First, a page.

Jacksonville Jaguars: 5 Players to Watch in Second Half of 2011

Justin UseltonContributor INovember 7, 2011

Jacksonville Jaguars: 5 Players to Watch in Second Half of 2011


    Jacksonville has an interesting core of young players that, especially on defense, seem to be developing well despite the team's paltry record. While the offense continues to fight it's way out of the basement of the NFL in virtually every meaningful statistic, the Jaguars' struggles present an open opportunity for young up-starts to supplant under-producing veterans. 

    Jaguars fans may be looking forward to 2012 in hopes of the team's next playoff chance, yet still have reason to keep an eye on core development throughout the rest of this season. 

    Here are five players Jaguars fans should keep an eye on throughout the remainder of 2011. 

Blaine Gabbert


    Furthermore, with the NFL's new tiered rookie wage scale, it's not impossible that a new regime in 2012 could opt to go in a different direction than Gabbert as the franchise quarterback. 

    Although unlikely, if the Jaguars finish as a bottom five NFL team, they could potentially make a move for someone like Matt Barkley and deal Gabbert. This only happens, however, if he continues to struggle and the incoming regime doesn't believe in him. 

    There is only one person that can do anything about this, and that person is Blaine Gabbert. Despite the poor receivers, despite the ever-changing offensive line, Gabbert has to show that he can consistently exhibit correct fundamentals and improve his pocket presence. 

    Jaguars fans are short on patience, and the grumbling is starting to grow louder in relation to his struggles. If Gabbert fails to progress throughout the rest of the season, his future as the franchise quarterback of the Jaguars may be ending before it even really began. 

Jeremy Mincey


    Given the opportunity to perform in the absence of Aaron Kampman, Mincey has emerged as an energetic and emotional leader along the Jaguars defensive line, and is starting to look like a player that may be a long-term piece of the puzzle.

    Mincey made play after play against the Baltimore Ravens on Monday Night Football, seizing the opportunity on a national stage to harass Joe Flacco in the Jaguars' upset victory.

    Mincey is one of those "lunch pail" kind of guys that you can see walking into practice the same way coal-miners show up for work. All work. No play.

    While the Jaguars are sure to draft a defensive end that will eventually start in 2012, don't be so sure that it will be on Mincey's side of the football. Kampman is clearly damaged goods, and Matt Roth is a short-term fix.

    If Jeremy Mincey continues to play as he has, the Jaguars could reward him with an off-season contract that reflects that of a defensive leader and cornerstone player along the front seven. 

Will Rackley


    However, over the last few games, Rackley seems to be turning the corner as an NFL starting offensive lineman.

    Rackley dominated Haloti Ngata on Monday Night Football. Yes, you read that right. Rackley got consistent movement against one of the NFL's best defensive tackles, and followed that up with another solid effort against the Houston Texans in Week 8.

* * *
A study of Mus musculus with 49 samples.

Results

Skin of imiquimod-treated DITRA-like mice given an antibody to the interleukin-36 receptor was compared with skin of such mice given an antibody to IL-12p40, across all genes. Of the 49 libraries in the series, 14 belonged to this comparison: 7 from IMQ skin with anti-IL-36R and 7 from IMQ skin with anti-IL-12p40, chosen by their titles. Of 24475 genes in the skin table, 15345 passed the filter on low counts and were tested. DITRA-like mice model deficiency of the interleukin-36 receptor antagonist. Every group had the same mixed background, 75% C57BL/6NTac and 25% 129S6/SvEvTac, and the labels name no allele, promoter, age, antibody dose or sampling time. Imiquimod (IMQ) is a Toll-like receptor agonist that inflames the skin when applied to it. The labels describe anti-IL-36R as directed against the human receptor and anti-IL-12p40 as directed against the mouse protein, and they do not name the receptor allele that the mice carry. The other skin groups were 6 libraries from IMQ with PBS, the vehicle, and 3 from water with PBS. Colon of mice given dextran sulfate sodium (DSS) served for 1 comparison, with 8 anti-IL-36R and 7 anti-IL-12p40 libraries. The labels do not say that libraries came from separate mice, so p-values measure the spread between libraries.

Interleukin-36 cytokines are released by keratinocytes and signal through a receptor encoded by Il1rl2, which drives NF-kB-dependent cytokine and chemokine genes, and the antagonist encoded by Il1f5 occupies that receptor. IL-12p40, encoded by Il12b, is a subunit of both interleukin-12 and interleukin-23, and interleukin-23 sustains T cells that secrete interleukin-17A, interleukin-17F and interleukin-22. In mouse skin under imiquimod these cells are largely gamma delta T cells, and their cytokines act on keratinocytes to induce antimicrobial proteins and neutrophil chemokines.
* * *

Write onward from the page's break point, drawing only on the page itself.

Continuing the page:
Rackley is a must-watch player for Jaguars fans in the second half of 2011 because his success or failure may decide whether or not Gene Smith spends another second or third round pick on an offensive lineman. If Rackley continues to develop, Smith can use the first three picks in 2012 to address the receiver, defensive end and defensive back positions. 

    However, if Rackley flat-lines, the Jaguars may be looking for yet another guard to plug into the mix and challenge for the spot next to Eugene Monroe. 

    Believe or not, with the way he's played the last few weeks, my money is on Rackley. 

Cecil Shorts


    We were told that he was a fourth-round steal, and we were all told that Shorts would easily be the Jaguars third receiver. Leading up to opening day, it was thought that Shorts might even supplant Jason Hill in the starting line-up at some point.

    I was as guilty as any of putting too much faith in a fourth-round draft pick from Mount Union, but Shorts has disappointed even his most loyal supporters in 2011.

    Shorts has yet to catch a pass, despite seeing the field quite often, and struggled mightily as a returner before being replaced in Week 7.

    Fourth-round picks get cut if they don't produce, and Shorts must show some sort of pulse in November and December if he wants to guarantee a spot on the Jaguars roster in 2012.

Eben Britton


    The Jaguars right offensive tackle has rarely seen the field in eight games this season, and has played nearly as many snaps at guard as he has tackle.

    You don't play franchise tackles at guard if you believe in them, which makes me think even the coaching staff is befuddled with Britton. When he has played, Britton hasn't been terrible. However, the best ability is availability, and Britton is starting to take on the look of an injury-plagued bust that could be replaced in 2012.

    While Guy Whimper hasn't exactly stolen Britton's job, the Jaguars could potentially look for a replacement in 2012 if Gene Smith loses faith in Britton's commitment to playing through pain and ability to stay on the field.